Such Beautiful Mechanics
November. A frost, then sun -
and the leaves fell gold and endless in the garden.
Air thick with gold - the green drowned gold
of museum treasures worn with age,
with the weight of earth or rock or waves -
and the sound of them, leaves falling onto stone.
I know the mechanics of it - the abscission layer, which exists
between leaf and stem to clutch tight
then break, one cell ripping
apart from another triggered
by frost. All this is in the books.
What has gone unreported there -
this slow fall of gold
through the sharp air.
Called ‘Finisterre’ in Spanish (in Galician, ‘Fisterra’)
Start here. Sail west.
I hate your language
your fishermen’s language,
that casts and nets and hauls away.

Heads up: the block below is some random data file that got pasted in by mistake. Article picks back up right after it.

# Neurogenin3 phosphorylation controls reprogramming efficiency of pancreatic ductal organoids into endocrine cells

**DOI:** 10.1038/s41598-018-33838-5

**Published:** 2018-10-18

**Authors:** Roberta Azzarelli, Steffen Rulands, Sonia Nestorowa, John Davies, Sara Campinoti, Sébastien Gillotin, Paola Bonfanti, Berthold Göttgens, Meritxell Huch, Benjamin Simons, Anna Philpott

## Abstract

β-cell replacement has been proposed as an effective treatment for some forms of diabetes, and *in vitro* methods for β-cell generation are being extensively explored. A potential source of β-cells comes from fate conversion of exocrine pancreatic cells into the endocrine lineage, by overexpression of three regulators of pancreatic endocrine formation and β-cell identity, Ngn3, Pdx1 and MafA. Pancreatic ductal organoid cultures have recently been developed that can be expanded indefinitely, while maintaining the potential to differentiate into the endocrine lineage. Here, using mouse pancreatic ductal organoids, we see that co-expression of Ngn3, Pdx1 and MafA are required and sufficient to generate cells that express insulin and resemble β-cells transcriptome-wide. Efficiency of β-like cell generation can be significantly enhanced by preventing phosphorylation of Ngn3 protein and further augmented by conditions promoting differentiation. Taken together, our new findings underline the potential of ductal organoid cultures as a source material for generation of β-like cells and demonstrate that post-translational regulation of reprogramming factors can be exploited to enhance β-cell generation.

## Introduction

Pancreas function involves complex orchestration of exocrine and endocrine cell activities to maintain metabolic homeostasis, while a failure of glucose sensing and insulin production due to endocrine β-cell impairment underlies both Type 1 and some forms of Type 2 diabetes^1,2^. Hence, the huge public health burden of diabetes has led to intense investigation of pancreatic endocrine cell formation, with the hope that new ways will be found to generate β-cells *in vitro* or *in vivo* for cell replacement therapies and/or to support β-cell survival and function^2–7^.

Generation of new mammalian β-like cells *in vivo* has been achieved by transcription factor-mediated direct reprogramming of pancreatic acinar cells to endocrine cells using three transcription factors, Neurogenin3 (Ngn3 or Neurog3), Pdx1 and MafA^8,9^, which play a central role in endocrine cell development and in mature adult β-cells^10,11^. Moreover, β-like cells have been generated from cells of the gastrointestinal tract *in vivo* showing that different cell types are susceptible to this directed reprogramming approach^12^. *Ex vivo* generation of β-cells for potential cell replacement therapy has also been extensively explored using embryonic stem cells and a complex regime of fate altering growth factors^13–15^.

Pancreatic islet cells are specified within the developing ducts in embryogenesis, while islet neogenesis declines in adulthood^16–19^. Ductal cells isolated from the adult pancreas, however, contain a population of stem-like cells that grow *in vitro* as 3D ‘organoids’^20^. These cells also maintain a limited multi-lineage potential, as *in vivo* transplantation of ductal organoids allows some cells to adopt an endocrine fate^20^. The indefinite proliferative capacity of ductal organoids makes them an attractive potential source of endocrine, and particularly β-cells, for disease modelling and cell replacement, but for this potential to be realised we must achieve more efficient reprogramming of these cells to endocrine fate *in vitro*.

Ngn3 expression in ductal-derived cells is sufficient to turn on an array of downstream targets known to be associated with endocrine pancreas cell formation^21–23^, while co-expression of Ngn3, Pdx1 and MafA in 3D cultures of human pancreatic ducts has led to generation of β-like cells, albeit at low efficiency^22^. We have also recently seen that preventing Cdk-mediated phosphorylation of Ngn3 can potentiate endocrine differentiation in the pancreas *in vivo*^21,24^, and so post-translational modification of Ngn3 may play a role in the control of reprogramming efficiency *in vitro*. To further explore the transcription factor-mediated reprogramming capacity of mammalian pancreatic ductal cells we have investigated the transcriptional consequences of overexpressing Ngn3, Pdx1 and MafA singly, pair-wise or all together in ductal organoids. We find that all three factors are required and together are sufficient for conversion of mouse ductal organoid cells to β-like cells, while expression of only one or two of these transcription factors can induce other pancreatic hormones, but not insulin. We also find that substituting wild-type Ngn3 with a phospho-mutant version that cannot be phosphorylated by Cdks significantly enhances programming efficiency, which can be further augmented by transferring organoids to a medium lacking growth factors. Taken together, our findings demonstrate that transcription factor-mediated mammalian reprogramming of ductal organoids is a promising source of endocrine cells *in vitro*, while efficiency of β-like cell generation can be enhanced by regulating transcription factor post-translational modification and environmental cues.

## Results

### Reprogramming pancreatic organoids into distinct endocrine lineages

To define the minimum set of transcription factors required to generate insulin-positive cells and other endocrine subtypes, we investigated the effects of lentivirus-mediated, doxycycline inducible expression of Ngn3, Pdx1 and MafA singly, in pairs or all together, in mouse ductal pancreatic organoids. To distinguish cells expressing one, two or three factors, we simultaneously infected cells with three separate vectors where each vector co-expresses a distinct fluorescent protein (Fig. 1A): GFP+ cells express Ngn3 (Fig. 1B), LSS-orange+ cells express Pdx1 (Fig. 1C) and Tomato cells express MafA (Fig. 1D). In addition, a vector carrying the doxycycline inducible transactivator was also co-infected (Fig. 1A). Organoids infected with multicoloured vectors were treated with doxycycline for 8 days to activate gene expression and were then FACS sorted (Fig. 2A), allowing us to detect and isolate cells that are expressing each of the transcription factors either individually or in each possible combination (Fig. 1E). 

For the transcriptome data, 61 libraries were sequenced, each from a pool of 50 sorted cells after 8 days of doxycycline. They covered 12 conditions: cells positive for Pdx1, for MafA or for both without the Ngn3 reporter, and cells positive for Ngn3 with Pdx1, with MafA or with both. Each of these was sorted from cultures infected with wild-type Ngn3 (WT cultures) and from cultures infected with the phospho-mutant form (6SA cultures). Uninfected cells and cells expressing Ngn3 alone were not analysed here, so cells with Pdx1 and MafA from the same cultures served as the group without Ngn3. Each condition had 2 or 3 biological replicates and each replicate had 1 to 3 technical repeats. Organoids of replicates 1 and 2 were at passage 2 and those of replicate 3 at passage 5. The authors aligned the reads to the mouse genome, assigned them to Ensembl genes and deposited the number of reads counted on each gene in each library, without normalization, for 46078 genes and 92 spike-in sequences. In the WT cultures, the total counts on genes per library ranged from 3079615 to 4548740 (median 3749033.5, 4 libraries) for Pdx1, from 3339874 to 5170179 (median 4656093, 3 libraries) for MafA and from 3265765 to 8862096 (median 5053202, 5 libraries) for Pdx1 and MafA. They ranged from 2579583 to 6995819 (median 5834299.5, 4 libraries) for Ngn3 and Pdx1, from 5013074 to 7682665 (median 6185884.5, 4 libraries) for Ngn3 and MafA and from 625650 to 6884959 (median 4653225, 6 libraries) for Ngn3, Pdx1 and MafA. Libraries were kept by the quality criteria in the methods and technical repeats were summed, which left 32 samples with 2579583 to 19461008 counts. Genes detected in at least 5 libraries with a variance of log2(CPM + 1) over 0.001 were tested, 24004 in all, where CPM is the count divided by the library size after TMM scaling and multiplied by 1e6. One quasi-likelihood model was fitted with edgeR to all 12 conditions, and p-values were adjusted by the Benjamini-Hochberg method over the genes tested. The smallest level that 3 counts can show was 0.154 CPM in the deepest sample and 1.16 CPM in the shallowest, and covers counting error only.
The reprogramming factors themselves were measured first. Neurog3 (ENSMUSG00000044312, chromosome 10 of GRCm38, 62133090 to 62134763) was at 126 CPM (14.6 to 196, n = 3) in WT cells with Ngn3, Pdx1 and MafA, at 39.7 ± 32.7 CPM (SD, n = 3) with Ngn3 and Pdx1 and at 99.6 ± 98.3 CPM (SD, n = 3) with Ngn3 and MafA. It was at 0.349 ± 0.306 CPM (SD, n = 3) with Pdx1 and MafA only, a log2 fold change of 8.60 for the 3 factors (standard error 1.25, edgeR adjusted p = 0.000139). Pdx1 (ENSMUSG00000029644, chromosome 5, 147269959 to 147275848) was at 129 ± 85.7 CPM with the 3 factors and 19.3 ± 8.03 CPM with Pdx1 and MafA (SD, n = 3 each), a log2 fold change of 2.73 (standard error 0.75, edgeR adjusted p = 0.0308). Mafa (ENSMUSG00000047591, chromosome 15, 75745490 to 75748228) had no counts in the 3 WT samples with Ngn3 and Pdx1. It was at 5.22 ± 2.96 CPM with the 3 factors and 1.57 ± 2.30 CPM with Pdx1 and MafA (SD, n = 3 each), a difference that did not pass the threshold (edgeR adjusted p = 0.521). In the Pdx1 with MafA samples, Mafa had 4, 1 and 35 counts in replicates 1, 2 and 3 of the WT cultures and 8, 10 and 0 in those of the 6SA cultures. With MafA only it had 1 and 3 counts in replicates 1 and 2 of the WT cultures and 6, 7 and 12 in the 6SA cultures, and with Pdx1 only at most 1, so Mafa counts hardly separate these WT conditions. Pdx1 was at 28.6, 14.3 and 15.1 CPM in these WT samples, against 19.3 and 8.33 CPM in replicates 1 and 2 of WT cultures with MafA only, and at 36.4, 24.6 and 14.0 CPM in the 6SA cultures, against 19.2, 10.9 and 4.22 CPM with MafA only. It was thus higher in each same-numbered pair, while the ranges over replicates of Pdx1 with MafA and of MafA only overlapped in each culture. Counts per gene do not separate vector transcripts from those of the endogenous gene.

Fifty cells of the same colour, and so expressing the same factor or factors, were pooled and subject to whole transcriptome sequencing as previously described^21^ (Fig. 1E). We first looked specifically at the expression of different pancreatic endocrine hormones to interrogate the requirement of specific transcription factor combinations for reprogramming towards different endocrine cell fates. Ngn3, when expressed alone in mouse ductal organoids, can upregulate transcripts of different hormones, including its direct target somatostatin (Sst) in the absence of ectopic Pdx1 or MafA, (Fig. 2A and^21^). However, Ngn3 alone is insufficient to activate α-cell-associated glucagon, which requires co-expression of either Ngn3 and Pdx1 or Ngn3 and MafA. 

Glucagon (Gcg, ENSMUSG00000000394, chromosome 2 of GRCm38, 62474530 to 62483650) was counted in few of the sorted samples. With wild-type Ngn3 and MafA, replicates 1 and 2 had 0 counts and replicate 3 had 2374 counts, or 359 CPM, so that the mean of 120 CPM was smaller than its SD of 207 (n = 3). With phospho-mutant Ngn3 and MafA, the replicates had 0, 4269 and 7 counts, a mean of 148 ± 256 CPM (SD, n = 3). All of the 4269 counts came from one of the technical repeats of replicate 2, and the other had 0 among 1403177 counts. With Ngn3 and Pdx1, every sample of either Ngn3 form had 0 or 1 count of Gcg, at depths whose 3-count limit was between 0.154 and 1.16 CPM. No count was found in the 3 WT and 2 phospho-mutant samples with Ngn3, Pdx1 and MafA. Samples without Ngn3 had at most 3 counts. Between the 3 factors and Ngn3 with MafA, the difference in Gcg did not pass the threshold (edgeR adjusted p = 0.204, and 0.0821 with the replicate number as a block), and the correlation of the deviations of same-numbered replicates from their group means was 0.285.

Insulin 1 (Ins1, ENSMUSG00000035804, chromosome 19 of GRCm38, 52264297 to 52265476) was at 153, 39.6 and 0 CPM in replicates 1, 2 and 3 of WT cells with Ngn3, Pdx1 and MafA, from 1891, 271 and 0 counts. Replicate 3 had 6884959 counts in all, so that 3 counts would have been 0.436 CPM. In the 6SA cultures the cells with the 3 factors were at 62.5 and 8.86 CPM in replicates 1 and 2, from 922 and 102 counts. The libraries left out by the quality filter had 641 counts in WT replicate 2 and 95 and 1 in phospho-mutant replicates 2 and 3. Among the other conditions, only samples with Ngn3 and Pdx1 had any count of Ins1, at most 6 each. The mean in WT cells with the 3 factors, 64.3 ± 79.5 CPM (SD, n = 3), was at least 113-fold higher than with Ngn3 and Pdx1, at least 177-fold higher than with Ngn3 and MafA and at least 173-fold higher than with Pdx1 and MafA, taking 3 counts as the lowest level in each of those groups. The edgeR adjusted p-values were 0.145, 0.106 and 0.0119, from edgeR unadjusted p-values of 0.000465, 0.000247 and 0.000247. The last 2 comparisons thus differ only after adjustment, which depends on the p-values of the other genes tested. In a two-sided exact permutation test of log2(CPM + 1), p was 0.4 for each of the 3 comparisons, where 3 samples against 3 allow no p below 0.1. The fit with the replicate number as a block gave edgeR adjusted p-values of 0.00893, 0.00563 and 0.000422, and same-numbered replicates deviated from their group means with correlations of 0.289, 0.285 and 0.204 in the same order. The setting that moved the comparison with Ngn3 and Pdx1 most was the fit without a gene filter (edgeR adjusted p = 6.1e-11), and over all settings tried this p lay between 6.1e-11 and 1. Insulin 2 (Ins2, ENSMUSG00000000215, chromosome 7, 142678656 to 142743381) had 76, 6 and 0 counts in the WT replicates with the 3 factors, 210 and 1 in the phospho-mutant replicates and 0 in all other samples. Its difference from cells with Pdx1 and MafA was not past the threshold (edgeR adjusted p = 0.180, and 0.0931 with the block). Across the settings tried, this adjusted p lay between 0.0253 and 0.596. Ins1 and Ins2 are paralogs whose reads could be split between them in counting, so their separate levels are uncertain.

Your lobster-pot language, luring and funnelling,
your coastal dialect.
Sail west. The Shellfish Coast -
Costa de Marisco (Costa do Marisco)
Your language trawled back my grandmother
the tide drawing her further and further from us,
running swift out of English -
we followed, we followed -
into Spanish waters
Sail west. Costa de la Muerte – (Costa
da Morte) – the Death Coast
mouthing and gaping, sounds hooked in our tongues
(Estou … estou de camiño)
and my mother guessed, I think she’s speaking to mamá,
as the tide ran swifter still
and then she was so far away
in a language that none of us speak
Sail west. Fisterra - Finisterre –
cast up, on that far voiceless shore.
Harriet Truscott is a writer and editor, living on the edge of the fens. Some of her other recent work appears online at époque é-zine, 192 magazine and Abridged. Find her at @HMTruscott on Twitter.